During the summer, it might feel like there are days where it’s too hot to even walk outside, much less exercise, but you shouldn’t let the heat deter you. Although dealing with the heat and humidity can be rough on your body if you’re exercising, you can still keep up with your workout routines throughout the hottest months of the year if you take a few extra precautions.
Pay Attention To The Three H’s
There are three things you should consider when you’re planning on heading outside for your exercise: heat, humidity, and haze.
The first two of the three H’s, heat and humidity, are pretty easy for you to predict. Before planning your daily routine, you can check a weather app on your smartphone, check the weather online, or turn on the news to hear what’s going on in your area. Try and plan your exercise in the morning or early evening when the temperatures are a little lower rather than the middle of the day. The third H, haze, is a little less familiar to some. Heat and humidity can exacerbate the air pollution in your area, making the summer months more challenging. Prior to heading outside, you can check AirNow to find out what the air pollution levels are. The site grades air levels based on various pollutant factors and gives a forecast for the following day. These pollutants are especially important to track for anyone with a heart condition.
How Exactly Do Heat And Humidity Affect The Body?
In order to keep you from overheating, your body sends blood to circulate through your skin, which means there is less blood circulating through your muscles. This change in circulation increases your heart rate. Humidity affects the way sweat evaporates from your body, which in turn drives up your body temperature even further.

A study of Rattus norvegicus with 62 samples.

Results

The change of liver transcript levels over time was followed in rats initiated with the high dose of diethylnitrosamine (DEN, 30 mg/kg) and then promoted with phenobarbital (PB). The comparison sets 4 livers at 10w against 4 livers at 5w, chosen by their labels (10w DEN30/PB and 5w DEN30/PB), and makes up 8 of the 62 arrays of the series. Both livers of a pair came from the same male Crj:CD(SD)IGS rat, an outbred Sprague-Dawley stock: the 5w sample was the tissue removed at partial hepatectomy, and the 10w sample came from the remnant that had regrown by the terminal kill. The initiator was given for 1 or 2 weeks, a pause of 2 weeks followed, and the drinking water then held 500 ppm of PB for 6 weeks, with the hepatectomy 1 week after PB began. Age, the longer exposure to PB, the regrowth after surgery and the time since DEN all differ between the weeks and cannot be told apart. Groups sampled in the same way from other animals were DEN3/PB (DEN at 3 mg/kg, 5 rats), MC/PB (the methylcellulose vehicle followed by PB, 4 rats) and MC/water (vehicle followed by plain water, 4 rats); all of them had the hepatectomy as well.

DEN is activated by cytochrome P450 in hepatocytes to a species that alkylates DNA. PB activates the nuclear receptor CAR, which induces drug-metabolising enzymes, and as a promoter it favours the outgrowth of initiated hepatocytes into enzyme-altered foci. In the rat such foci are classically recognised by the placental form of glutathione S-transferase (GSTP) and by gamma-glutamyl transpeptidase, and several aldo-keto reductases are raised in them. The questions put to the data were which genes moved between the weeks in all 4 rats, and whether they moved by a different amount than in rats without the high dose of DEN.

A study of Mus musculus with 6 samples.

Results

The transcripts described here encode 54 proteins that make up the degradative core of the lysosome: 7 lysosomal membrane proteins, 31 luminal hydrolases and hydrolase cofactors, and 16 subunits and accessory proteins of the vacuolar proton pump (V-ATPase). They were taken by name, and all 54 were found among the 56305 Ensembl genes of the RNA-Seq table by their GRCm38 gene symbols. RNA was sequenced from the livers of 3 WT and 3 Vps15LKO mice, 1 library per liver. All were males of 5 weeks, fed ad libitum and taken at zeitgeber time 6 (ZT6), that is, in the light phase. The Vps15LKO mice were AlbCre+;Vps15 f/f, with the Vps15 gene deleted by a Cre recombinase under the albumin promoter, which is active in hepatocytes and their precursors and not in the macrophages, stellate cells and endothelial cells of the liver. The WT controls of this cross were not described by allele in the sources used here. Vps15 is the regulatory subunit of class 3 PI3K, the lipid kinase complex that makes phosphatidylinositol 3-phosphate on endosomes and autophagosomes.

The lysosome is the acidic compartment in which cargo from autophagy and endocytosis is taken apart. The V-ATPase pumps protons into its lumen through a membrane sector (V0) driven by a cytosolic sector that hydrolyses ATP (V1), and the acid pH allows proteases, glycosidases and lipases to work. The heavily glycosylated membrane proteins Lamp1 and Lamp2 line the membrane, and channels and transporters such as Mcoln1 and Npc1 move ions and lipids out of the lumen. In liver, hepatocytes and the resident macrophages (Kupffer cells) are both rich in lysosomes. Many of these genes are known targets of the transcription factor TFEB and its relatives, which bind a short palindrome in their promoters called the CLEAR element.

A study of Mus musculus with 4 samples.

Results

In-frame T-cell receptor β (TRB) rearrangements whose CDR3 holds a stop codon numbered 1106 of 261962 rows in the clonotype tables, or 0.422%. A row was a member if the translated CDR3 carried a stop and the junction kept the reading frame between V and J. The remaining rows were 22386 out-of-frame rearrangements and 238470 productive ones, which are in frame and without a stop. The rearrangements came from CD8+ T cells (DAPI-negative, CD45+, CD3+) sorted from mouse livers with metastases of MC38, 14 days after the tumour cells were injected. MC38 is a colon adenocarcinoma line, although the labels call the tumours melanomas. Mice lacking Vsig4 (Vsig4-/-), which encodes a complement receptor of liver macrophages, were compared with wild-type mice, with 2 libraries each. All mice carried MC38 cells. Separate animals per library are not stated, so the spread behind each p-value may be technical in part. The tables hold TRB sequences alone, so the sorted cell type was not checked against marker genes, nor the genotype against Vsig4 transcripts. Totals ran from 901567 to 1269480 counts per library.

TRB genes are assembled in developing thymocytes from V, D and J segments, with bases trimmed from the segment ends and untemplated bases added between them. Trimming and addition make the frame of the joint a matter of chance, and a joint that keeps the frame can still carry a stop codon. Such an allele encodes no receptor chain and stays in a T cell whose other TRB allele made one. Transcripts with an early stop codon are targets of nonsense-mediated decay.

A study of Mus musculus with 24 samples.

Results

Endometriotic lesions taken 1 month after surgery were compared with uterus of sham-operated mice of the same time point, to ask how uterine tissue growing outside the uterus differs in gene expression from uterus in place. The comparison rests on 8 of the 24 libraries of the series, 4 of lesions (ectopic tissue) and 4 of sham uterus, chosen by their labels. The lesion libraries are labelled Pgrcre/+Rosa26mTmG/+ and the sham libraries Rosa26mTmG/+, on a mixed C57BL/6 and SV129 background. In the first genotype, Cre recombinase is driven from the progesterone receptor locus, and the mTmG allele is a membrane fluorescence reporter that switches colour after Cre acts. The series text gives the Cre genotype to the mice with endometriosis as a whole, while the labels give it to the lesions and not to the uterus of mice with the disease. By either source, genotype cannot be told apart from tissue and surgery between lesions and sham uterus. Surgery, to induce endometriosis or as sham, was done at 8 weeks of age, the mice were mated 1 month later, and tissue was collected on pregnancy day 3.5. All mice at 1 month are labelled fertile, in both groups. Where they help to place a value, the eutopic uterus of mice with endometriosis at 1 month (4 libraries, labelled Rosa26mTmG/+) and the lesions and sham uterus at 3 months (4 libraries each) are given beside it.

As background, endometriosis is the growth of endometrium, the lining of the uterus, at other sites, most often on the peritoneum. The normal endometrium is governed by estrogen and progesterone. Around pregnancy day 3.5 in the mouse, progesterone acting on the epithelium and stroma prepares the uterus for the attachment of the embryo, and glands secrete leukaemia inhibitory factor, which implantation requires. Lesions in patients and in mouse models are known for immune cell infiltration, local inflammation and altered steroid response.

Heat-related injuries or illnesses can fall on a broad spectrum, affecting different people in different ways. Minor issues could include cramping or lightheadedness, with more serious issues including heat exhaustion or heat stroke. You should be aware of the symptoms that surround heat exhaustion or heat stroke and how to handle them. Symptoms can include nausea or vomiting, weakness, headache, dizziness, confusion, increased heart rate, and problems with vision. If you feel any of these things coming on, alert a friend or family member and seek emergency care and monitoring if needed.
What Precautions Should I Take?
Your first concern should be the time of day you’re exercising. Avoid midday hours, as that is when the temperatures are highest and the sun is the strongest. Staying hydrated shouldn’t just focus around when you’re actually exercising, you should also be drinking water throughout the day, both before and after you begin your workout. Make sure you have some comfortable, lightweight exercise clothes to wear as well, and add a hat to protect your face. If you find that the heat is just too much to handle, consider finding a pool or water-based exercise routine, or join an air-conditioned fitness center for the summer. An important precaution you may not have thought of is having your heart health checked by one of the TrustCare Heart Clinic professionals. We offer quick and affordable heart screenings to give you a good picture of your current condition and any improvements you could be making for your heart health. Come by for an appointment this summer so you can better understand how your heart handles exercise, both during the summer and the rest of the year.